Our Drupal 8 CI Workflow at UNB Libraries

In 2010, amid a usual morning of manual Drupal module updates, a colleague at UNB Libraries, Kassim Machioudi suggested:

Imagine if we only needed to change a version number in a metadata file to push all of these updates?

At the time, that idea seemed like a blue-sky dream. We were a small team, running many multisite and standalone instances of Drupal 5&6 across multiple servers. Drush make was not the stable solution it later became. Composer had not yet been released. For our team, module and core updates were painful - our update process consisted of extracting module and core tarballs on top of the existing live Drupal tree.

Most of our pain, however, wasn’t from the labour of doing the updates themselves - rather the problems that arose from doing the updates. When something went wrong, it went very wrong - we had no dev server, rollbacks were achieved only from nightly tape backups, and our local development environments were (at best) XAMP/Local Apache, and (usually) the live server itself.

Necessary Changes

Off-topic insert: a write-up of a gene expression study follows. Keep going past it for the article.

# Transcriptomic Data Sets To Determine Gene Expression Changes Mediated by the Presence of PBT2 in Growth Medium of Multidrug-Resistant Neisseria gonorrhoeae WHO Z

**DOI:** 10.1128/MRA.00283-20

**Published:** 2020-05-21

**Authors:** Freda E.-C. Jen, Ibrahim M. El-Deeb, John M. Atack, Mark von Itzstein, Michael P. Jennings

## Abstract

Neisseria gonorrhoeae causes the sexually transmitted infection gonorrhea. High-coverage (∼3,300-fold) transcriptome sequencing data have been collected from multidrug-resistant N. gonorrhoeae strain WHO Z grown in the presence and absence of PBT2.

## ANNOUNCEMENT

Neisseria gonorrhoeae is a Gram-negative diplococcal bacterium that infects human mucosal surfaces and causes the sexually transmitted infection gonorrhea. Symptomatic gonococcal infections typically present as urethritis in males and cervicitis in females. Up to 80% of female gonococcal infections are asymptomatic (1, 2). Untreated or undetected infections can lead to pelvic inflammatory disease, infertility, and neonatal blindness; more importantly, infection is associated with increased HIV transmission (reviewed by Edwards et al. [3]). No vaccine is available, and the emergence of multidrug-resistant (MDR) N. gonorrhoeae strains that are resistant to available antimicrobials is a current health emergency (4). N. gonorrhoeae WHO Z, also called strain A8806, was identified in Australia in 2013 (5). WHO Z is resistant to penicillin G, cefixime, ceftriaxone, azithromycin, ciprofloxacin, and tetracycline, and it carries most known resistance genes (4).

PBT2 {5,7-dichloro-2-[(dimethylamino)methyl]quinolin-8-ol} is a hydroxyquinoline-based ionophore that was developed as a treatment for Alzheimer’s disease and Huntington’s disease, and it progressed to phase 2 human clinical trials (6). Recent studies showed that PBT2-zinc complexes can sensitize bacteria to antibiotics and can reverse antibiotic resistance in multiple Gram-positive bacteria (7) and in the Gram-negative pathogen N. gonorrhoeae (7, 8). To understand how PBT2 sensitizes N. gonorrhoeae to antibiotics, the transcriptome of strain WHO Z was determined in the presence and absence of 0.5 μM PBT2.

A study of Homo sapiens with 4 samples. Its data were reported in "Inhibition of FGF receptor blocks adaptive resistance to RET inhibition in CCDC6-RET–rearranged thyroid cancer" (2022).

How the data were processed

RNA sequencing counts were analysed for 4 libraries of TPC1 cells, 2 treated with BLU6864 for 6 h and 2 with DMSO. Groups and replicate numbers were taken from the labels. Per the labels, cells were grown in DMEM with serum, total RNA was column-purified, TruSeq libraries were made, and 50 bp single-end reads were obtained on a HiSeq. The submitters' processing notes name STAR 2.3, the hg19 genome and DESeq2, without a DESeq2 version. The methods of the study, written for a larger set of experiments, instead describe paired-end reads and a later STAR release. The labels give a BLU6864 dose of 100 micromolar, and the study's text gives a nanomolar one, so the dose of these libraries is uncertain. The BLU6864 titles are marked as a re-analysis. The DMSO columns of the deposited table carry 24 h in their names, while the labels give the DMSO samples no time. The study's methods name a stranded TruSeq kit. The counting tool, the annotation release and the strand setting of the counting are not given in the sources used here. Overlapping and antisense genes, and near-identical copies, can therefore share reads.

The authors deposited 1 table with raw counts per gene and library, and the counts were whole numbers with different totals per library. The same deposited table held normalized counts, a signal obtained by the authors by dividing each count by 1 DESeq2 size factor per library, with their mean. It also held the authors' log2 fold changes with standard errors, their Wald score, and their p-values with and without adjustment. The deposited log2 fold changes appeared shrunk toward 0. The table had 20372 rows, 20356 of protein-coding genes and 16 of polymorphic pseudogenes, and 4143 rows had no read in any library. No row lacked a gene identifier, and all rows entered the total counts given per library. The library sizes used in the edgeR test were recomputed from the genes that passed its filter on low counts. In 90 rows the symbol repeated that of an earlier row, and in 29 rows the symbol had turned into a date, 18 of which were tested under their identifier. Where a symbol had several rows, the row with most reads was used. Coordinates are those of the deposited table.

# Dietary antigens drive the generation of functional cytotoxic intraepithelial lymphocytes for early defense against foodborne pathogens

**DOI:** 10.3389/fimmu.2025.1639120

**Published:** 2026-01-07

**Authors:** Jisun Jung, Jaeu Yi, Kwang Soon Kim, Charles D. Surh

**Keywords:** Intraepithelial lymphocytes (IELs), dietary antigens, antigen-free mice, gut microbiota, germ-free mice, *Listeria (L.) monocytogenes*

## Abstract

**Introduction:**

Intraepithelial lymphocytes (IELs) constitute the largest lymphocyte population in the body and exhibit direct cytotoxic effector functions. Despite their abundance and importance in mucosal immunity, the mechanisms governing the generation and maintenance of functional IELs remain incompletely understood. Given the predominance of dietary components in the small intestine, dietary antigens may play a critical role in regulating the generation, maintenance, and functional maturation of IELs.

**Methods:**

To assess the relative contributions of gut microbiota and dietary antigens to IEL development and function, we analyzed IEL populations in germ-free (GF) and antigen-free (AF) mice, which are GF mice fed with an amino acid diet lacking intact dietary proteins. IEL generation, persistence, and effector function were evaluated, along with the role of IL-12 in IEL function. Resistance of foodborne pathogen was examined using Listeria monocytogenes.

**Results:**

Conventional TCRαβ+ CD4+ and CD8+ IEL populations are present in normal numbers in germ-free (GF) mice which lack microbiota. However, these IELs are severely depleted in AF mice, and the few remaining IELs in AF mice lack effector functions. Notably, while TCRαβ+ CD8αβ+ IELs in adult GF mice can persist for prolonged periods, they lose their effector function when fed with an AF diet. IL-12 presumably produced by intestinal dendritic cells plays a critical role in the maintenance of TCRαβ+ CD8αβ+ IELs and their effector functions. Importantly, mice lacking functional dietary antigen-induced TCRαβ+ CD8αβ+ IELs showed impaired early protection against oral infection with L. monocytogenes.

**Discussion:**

Although version updates were a clear pain point, there were other pain points as well - most stemming from the the organic evolution of how we originally adopted and worked with Drupal. It wasn’t that our workflow was broken - rather that we really had not designed a workflow at all. We were highly motivated to change that. We needed a to improve.

For the sake of brevity, a detailed history of our tooling changes is not included in this main document. If you are interested in such things, the steps we took and tools we adopted in the following 8 years.

Goals

Great projects begin with defined goals. After a lengthy discussion, we proposed some blue-sky goals for the new workflow:

General

Code

Deployment

Developer Experience

Result

The resultant workflow is documented in the Drupal 8 CI Workflow GitHub repository. Although currently a work in process, it outlines the details of how we work with Drupal 8, Travis and GitHub.